Date 13th July 2019
Society ican Productions
Venue Queen Elizabeth High School, Carmarthen
Type of Production Musical
Director Alfie Evans
Musical Director Franco Lopez
Choreographer Alfie Evans
Producer Alfie Evans & Franco Lopez


Author: Nick Brunger

Ren McCormack knew his life was going to change when he moved with his Mom from Chicago to the sleepy backwoods town of Bomont.  What he didn’t expect was that his new home had banned two of the things that teenagers loved most – music and rock-and-roll.   His struggles to fit in with the conservative town’s moral values imposed by the town’s influential preacher Rev Shaw Moore win him two unlikely allies in the form of schoolyard hillbilly Willard Hewitt and the priest’s wayward daughter Ariel.

iCAN production’s lively performance of Footloose unleashed a talented team of young performers onto the stage of Queen Elizabeth High School in an energetic show that brought the audience on its feet for a prolonged and well deserved standing ovation at the finale.

Two teams shared the major roles, and on the night I saw the show they fielded a confident Finn Radford as Ren, ably partnered by Lola Vyse Jones whose assured performance beautifully captured the angst of a teenager struggling against the strictures of her over-protective father.

Harry John proved himself to be a natural clown as Willard, alternatively bursting with native wit and tongue-tied with embarrassment in the presence of Lily May James’s Rusty. 

Taran Jones was a convincingly threatening Chuck, Ariel’s bad-boy boyfriend from the wrong side of the tracks, who oozed menace in every scene.

As the Reverend Moore Llew Richards managed to convey a man determined to do what he thought best to protect his daughter and the youngsters in his community but won over by the power of the teenagers’ desire for personal freedom and fun.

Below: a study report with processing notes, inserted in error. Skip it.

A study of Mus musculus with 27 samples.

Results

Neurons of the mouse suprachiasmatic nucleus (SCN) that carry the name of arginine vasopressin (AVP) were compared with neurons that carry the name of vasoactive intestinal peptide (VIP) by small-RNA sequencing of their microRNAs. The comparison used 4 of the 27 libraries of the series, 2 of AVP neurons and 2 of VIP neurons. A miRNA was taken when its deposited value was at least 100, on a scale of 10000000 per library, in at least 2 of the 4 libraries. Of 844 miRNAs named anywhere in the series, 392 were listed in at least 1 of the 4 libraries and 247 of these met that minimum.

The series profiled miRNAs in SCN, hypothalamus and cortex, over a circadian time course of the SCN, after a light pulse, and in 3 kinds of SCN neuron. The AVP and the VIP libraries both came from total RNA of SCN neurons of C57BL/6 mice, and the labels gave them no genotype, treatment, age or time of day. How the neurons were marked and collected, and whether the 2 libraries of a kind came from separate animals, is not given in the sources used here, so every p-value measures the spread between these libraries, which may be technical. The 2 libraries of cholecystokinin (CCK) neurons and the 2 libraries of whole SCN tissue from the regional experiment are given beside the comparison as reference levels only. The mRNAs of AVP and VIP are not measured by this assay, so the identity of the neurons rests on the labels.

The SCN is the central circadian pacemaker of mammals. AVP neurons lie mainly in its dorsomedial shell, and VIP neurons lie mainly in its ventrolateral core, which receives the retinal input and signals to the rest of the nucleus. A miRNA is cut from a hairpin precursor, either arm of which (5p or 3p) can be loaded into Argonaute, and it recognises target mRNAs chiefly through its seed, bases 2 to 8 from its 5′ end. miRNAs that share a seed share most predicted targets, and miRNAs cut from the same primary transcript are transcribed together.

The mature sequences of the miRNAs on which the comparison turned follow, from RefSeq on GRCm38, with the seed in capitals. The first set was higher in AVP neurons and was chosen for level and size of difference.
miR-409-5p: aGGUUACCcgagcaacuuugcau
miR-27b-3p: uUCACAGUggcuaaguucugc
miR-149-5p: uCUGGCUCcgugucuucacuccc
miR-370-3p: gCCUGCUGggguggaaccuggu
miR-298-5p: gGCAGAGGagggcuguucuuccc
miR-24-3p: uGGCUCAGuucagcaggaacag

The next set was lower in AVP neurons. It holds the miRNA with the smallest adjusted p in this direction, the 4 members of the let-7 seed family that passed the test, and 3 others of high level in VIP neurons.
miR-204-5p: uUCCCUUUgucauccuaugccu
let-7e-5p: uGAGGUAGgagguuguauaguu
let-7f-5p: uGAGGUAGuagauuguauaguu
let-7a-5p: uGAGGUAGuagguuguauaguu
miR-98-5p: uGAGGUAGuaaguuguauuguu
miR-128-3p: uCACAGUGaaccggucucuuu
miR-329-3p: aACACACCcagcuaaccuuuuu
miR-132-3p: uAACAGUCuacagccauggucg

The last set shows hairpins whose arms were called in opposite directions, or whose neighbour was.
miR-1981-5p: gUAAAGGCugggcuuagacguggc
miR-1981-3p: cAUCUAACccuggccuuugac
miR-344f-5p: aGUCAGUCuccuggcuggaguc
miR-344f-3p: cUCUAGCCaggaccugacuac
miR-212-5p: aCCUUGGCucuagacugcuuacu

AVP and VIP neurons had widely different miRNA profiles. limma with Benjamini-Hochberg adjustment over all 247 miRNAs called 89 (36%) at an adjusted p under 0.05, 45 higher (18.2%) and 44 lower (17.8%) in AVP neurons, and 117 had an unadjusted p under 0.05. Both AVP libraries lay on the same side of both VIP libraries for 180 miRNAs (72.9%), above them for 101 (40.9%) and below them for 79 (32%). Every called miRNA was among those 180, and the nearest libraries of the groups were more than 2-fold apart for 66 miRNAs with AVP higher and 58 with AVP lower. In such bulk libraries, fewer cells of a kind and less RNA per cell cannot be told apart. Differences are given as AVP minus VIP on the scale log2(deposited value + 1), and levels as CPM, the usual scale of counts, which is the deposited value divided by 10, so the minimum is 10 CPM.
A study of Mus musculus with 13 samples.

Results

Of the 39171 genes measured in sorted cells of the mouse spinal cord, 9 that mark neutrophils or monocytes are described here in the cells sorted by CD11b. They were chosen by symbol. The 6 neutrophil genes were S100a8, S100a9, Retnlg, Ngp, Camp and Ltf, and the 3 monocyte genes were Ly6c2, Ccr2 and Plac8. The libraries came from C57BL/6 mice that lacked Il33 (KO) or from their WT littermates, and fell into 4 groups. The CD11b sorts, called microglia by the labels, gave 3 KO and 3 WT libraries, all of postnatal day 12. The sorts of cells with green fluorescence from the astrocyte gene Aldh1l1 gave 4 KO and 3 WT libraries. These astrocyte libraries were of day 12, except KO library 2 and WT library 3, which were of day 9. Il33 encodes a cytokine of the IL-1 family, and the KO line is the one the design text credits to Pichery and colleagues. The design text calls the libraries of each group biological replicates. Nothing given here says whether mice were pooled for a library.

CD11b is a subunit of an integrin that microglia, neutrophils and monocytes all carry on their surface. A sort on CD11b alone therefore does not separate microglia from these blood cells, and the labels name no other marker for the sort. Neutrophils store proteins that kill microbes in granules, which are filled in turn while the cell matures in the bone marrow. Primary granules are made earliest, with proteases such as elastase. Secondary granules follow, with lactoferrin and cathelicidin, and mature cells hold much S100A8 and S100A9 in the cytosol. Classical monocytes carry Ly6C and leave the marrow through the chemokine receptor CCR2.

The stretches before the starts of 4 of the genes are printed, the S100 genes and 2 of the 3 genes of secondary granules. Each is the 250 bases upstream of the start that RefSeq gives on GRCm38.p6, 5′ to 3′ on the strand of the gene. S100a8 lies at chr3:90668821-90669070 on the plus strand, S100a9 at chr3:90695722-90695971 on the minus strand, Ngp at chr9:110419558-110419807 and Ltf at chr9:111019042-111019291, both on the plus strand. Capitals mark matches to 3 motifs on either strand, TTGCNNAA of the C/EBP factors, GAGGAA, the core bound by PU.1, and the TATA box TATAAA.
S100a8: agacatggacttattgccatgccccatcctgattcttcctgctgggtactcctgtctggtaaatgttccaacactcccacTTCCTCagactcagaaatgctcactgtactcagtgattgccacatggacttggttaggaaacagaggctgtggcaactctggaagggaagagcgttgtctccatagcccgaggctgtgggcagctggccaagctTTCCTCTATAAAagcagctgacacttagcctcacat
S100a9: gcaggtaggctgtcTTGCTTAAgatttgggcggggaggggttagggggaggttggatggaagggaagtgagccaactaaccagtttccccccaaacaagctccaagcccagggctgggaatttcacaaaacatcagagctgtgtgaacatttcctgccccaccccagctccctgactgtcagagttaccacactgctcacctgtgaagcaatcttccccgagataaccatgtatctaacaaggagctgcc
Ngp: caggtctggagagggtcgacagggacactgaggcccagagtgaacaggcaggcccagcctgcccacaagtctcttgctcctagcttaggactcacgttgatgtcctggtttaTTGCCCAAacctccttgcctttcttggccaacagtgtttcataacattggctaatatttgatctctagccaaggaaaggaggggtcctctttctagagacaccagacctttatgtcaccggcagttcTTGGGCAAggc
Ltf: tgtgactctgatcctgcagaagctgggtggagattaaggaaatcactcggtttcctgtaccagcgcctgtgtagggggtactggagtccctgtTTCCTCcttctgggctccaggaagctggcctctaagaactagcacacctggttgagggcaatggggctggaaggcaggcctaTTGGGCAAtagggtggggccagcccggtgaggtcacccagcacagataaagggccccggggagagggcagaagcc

The stand-out performance of the evening came from Isabel John as Ariel's mother Vi.  Never better then when she sang Can You Find It In Your Heart her mature and considered presentation would have found her a place in any staging of the show by any company.

But this was also a great ensemble show with real passion and energy going into the major routines from the title song, through the classics Lets Hear it For The Boyand the unforgettable Holding Out For A Hero.

Full marks are also deserved by the backstage crew, including Nigel Richards who built the simple but impressive set from scratch. 

Carmarthen was holding out for a few heroes of their own when the much-missed Mini-Players suddenly folded earlier in the year and the cast of Footloose saw heir hopes of staging the production fade.  Two “white knights” duly stepped into the breech in the form of joint producers Alfie Evans (Director & Choreographer) and Franco Lopez (Musical Director).

The Queen Elizabeth High sixth-formers, already veterans of shows for Mini-Players, Carmarthen Youth Opera and Carmarthen Amateur Operatic Society, shared the youngsters’ dismay and decided to come to the rescue despite also facing the not inconsiderable challenges of simultaneously sitting crucial exams.

Supported by the town’s musical community, family and friends Alfie and Franco rode to the rescue, mounting the show to an incredibly high standard in just four months.  Their passion for musical theatre shone through the whole production and everyone involved rose to the occasion to provide a spectacular event in every sense.

Joining the cast on stage for the joyous and exuberant celebration that marked the end of the final performance it was a measure of their achievement that, at the same age as many of the cast, they were virtually indistinguishable from their young stars.